Rape is just part of the price of admission. How crazy is that? Yet it's true, according to the Associated Press. As more women enter the United States illegally (a decade-long trend), more of them are raped in the desert and the rough-and-tumble border towns they must traverse to get here. The AP reports, "Rape has become so prevalent that many women take birth-control pills or shots before setting out to ensure they won't get pregnant. Some consider rape 'the price you pay for crossing the border,' said Teresa Rodriguez, regional director of the U.N. Development Fund for Women."
All this, as illegal immigration puts on a new facea female face. The percentage of women risking all (rape is one possibility, death is another) to enter the United States without work permits or visas has ballooned in the past decade. A new report out last week by "U.S. and Mexican migration experts, partly funded by the Mexican government, found that nearly half of all Mexican migrants living in the United States are women," the AP tells us. And these women are younger than in past decades. "Of migrants under 18 deported to Mexico, females accounted for only 2 percent in 1994, when the U.S. started cracking down at the border. Since 2002, they have made up nearly a third each year, said Blanca Villase who recently published a book on Mexico's female migrants."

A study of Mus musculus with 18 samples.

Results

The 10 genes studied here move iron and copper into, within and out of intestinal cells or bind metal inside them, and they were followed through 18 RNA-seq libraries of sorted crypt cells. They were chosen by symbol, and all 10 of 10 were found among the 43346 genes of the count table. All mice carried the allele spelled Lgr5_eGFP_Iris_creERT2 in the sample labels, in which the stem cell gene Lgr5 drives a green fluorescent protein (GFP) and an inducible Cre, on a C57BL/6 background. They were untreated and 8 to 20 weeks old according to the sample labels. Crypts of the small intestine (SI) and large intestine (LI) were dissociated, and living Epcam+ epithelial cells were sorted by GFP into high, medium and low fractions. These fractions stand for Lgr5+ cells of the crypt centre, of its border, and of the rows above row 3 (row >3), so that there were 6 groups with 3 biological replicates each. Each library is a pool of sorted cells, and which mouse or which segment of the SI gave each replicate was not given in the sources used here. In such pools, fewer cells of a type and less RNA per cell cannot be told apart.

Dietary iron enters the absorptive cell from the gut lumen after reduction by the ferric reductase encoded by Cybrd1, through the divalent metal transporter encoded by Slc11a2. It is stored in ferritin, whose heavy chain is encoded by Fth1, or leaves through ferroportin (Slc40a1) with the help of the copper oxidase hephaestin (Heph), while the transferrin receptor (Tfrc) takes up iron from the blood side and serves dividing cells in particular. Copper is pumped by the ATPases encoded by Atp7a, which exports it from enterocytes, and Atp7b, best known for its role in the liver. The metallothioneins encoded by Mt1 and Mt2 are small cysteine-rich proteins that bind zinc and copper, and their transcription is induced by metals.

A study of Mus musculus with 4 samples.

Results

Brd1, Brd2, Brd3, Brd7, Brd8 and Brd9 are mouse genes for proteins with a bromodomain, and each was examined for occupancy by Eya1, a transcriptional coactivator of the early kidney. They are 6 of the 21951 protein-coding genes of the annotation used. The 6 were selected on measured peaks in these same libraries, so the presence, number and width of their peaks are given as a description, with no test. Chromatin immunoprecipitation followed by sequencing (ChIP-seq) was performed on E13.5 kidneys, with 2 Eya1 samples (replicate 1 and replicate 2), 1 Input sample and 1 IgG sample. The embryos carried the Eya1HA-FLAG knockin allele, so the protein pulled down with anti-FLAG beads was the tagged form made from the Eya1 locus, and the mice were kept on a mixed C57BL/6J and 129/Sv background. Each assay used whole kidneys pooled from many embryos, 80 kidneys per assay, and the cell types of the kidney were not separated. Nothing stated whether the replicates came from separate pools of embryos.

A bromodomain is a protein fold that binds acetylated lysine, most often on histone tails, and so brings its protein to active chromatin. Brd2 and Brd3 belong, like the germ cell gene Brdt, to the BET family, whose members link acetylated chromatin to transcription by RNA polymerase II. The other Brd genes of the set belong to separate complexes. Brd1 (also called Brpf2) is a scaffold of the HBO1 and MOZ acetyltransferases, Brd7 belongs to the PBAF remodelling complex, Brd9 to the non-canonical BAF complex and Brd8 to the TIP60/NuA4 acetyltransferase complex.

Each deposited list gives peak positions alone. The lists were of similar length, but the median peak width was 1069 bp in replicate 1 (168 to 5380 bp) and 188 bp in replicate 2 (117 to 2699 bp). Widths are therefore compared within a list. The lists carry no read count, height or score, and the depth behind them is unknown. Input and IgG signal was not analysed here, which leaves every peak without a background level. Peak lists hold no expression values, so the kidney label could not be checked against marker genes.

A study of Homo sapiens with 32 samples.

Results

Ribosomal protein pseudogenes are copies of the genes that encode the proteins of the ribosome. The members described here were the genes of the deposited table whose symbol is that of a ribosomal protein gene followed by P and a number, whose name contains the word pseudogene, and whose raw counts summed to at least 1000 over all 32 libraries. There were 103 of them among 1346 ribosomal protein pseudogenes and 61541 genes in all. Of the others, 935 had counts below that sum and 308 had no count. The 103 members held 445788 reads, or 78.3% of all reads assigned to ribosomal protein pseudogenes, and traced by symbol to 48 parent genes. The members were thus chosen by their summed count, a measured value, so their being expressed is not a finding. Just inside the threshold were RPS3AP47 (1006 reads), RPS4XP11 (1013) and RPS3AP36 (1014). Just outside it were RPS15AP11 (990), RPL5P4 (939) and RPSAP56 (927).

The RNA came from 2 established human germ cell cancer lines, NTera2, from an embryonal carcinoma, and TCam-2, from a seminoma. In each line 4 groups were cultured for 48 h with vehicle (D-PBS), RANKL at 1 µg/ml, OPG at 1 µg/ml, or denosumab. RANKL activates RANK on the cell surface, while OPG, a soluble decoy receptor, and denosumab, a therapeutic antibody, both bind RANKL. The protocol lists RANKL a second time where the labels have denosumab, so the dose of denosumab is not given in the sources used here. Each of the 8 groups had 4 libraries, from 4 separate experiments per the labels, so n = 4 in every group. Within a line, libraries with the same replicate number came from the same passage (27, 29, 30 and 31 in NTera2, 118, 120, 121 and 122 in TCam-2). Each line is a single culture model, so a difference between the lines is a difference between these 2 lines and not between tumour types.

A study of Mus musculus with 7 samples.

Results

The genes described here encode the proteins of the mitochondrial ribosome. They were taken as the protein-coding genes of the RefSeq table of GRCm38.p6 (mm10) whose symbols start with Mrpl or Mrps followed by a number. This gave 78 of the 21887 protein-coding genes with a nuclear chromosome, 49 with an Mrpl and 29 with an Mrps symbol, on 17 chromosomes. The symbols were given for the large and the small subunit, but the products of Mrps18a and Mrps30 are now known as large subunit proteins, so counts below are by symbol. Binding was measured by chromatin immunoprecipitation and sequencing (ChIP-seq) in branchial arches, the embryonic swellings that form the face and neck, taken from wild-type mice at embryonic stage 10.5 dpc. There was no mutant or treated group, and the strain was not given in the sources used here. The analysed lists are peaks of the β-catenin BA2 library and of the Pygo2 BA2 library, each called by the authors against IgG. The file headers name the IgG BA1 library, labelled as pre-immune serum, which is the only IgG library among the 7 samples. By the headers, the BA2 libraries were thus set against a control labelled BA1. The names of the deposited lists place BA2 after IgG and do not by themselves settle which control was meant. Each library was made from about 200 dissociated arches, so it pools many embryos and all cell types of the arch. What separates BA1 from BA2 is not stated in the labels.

By some estimates, these women are delivering more than 400,000 newborns after they arrive, making the babies birthright citizens. So the term "anchor babies" is making the rounds to describe the babies whom pregnant, illegal migrants deliver on U.S. soil.
While more women are being raped as they cross the border, others, according to immigration experts, time their entry to ensure birthright citizenship for their children. That, in turn, has sparked a movement in Congress to reserve birthright citizenship for children of U.S. citizens and legal residents. Republican Rep. Nathan Deal of Georgia has signed up 83 GOP cosponsors for a bill that would change constitutional interpretation to include these new limitations. But like federal bans on illegal immigration, Deal's bill is essentially a bridge to nowhere. He told USA Today that he "doesn't expect the measure to be included in any broader reform package this year but hopes it generates debate."